We're all going to need money in retirement, and one good way to build a fat portfolio for your future is to fill it with companies that are likely to have their stocks grow in value over time — while they regularly kick out cash to you in the form of dividends.
Here are three such companies to consider. There's a good chance you've only heard of one of them.
Perhaps the most obviously attractive thing about Enbridge (NYSE: ENB) is its dividend — which recently yielded nearly 7.1%. Better still, it has upped that payout for 26 consecutive years.
So what does the company do? It's a midstream oil and gas company. In the energy business, an upstream enterprise is busy exploring for and extracting fuel, while a downstream one, like a refinery, puts the finishing touches on it, converting it into a marketable form. Midstream specialists, meanwhile, do the middle part of this big process — transporting and storing fuels such as oil and natural gas.
Enbridge, based in Canada, has pipelines that transport about a quarter of North America's crude oil and about a fifth of the natural gas used in the U.S. It even has a renewable power generation business. You may worry about Enbridge's dependence on fossil fuels for much of its profits because fossil fuels are giving way to alternative energies such as solar and wind. But that's not happening quickly, and we're likely to require oil and gas for quite some time. An arguably more worrisome aspect about Enbridge is its heavy use of leverage — i.e., taking on debt. So far it has been managing its debts, even in our recently challenging economic environment.
If you're intrigued, read more about Enbridge and see if you think its risks are outweighed by its strengths — and its 7% dividend, which can generate $700 and more annually from a $10,000 investment.
Recently yielding a hefty 4.9%, International Business Machines (NYSE: IBM) is an intriguing tech stock to consider for your portfolio. It has struggled over the past decade or so, not quite keeping up with a changing technological landscape. But it's got a new plan and focus now, and a newish CEO in Arvind Krishna. The company is planning to split up, spinning off what used to be its primary focus — computer hardware for businesses. IBM will end up a smaller company, focused on growing niches such as artificial intelligence and cloud computing — which means it will be capable of growing more briskly.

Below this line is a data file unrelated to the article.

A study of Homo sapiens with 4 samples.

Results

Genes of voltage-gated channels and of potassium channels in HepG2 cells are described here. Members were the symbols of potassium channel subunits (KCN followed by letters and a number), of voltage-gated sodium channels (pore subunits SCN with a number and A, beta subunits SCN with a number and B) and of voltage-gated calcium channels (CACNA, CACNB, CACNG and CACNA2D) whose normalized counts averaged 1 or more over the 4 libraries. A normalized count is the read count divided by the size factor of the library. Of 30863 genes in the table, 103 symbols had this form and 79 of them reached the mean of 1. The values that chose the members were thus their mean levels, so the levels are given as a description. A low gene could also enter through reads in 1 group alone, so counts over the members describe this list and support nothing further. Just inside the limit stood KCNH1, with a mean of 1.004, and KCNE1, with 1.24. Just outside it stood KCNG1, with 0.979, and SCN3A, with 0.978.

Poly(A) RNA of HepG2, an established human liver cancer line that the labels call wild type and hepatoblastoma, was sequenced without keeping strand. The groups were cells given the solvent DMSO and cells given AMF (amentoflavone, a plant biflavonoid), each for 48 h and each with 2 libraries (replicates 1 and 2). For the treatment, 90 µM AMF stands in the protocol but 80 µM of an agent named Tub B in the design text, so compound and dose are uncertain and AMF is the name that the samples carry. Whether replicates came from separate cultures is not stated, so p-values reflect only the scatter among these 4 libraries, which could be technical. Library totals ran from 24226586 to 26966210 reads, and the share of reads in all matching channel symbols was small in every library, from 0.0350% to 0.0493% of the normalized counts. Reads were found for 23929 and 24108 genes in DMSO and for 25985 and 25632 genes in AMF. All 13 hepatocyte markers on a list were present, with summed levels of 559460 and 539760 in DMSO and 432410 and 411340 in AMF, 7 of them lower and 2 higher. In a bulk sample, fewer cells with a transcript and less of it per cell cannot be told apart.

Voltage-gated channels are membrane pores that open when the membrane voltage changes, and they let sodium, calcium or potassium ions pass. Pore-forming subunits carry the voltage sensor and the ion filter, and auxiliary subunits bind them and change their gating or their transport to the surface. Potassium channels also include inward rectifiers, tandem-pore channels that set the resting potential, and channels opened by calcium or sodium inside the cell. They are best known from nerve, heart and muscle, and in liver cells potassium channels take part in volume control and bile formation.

In fiscal 2020, IBM's revenue declined about 4% year over year, but in his letter to shareholders, Krishna noted that cloud-related revenue grew 20% on an organic basis, making up a third of IBM's total revenue. He added:
Free cash flow is the fuel for our growth, and for the year we generated a solid $18.2 billion of net cash from operations and free cash flow of $10.8 billion. … We continued to return capital to our shareholders in the form of $5.8 billion in dividends. We raised the dividend for the 25th consecutive year in an uninterrupted 105 years of paying a dividend.
With its forward-looking price-to-earnings (P/E) ratio recently near 12 and its price-to-sales (P/S) ratio recently near its five-year average, IBM appears fairly to attractively valued — especially if you're confident in its AI- and cloud-based future.
3. Boston Omaha
This is a company you may well be unfamiliar with. Sometimes likened to Warren Buffett's Berkshire Hathaway, Boston Omaha (NASDAQ: BOMN) is somewhat similar and a whole lot smaller, with a recent market value under $1 billion, compared to more than $625 billion for Berkshire. Like Berkshire, Boston Omaha (which actually does have Buffett's grandnephew as a co-CEO) owns a variety of businesses (entirely or partially) and shares of stock in a variety of companies.
Areas of focus for the company include advertising, insurance, telecommunications, and real estate, and one of its specialties is the billboard business (it owns more than 3,000 billboards). Its companies include Link Media Outdoor, Logic Commercial Real Estate, Crescent Bank, 24th Street Asset Management, General Indemnity, Dream Finders Homes, AireBeam, and Utah Broadband. It has even launched a special purpose acquisition company (SPAC) in order to bring privately held businesses public.
This is still a very small business, and if it manages to grow as it aims to, it has a big runway ahead of it. As of March, though, it had just 217 employees. Investing a portion of your retirement portfolio in Boston Omaha won't be like getting in on the ground floor of this company, but it will be close.
These are just some of many companies that could bankroll your retirement. If any of them interest you, dig deeper into them so that you can understand them better. Or just keep looking, as there are plenty of other great companies that can build your wealth powerfully over time.